Jamaican government agencies gathered at the ‘Leveraging Technology for Effective Border Security’ conference, recently held at the National Police College in St Catherine, to discuss the use of biometric technologies to protect the country’s borders, according to a report by Jamaica Observer.

Passport Immigration and Citizenship Agency (PICA), Jamaica Customs Agency (JCA), Jamaica Defence Force (JDF), and Jamaica Constabulary Force (JCF) also committed to taking a multi-agency approach to improving the country’s national security.

PICA’s acting CEO, Andrew Wynter, said that providing the agencies tasked with border security with improved technology will help save Jamaica millions of dollars and significantly decrease human error or corruption.

Wynter said that PICA’s most recent technological improvements include Automated Immigration Kiosk, which conduct biometric checks to rapidly and securely process passengers.

“The use of these automated kiosks at our airports and the wider incorporation of facial recognition technology are now being fully integrated into our border control system,” Wynter said. “Having one system with designated codes to each agency…this technology will allow us to track any illegitimate and unlawful activities or persons that can expose our borders to threats.”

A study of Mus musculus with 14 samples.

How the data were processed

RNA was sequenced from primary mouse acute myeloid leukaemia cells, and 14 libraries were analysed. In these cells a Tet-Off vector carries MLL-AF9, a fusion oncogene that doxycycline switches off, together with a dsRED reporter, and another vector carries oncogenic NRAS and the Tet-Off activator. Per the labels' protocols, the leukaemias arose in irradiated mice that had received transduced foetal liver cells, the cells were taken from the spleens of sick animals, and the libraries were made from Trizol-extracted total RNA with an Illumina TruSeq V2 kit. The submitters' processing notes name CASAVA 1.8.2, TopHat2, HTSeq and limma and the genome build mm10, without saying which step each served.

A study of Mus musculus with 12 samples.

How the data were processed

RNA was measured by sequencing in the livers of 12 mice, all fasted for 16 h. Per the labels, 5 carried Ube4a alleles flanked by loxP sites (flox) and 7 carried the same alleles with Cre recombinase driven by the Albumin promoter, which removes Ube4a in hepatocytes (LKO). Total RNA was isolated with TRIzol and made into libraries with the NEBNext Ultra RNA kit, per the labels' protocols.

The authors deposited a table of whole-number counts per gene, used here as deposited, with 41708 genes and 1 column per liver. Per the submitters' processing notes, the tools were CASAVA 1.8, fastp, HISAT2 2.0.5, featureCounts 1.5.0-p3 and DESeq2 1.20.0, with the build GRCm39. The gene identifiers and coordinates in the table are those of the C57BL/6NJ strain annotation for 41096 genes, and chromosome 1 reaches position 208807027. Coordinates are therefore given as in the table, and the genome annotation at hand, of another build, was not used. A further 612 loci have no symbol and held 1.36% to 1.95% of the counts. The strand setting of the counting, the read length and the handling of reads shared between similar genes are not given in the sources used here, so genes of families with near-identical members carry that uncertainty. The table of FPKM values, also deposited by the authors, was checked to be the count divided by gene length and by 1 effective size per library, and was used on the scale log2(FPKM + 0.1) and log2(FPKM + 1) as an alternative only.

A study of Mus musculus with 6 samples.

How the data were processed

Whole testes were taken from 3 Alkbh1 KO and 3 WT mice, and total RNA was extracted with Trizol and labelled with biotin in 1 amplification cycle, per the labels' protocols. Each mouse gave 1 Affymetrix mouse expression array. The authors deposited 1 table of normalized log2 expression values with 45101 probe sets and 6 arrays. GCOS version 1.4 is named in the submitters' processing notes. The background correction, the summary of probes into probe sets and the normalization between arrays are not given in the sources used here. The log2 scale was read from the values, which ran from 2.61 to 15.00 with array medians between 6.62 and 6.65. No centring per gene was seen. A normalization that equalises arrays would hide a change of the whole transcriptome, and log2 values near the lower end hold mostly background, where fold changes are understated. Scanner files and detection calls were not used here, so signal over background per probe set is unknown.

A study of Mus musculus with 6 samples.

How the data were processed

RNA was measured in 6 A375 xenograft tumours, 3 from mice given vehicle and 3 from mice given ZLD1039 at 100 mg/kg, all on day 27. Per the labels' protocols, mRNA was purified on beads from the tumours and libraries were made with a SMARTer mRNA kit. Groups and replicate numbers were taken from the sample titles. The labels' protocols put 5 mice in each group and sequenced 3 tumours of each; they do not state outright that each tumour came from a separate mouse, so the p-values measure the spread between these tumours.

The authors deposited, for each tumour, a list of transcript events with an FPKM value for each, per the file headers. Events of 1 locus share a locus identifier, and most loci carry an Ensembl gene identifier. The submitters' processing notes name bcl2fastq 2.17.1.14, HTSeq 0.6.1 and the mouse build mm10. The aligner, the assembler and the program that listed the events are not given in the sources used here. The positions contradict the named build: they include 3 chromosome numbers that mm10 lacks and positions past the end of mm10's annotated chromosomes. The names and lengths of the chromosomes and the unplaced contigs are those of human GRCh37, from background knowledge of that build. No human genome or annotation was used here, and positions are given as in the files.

According to Wynter, this multi-agency approach will help reduce breaches and increase accountability, and help agencies to more effectively manage risks and threats.

The biometric kiosks enable PICA to update their database and maintain records to send to the police in the event of detecting unusual and suspicious travel patterns.

Wynter said that the threats come in a range of forms, including illegal fishing, unsanctioned movement of persons and goods through ports, immigrants entering without proper documentation, smuggling of guns, drugs, and human trafficking.

Considering the space is much larger than the resources available to secure it, Wynter said that technologies such as a biometric system and a more collaborative approach will ultimately improve the monitoring and detection capabilities of border-security entities.

In February, Jamaica’s Passport, Immigration and Citizenship Agency (PICA) unveiled it is introducing a facial recognition feature to the production of passports.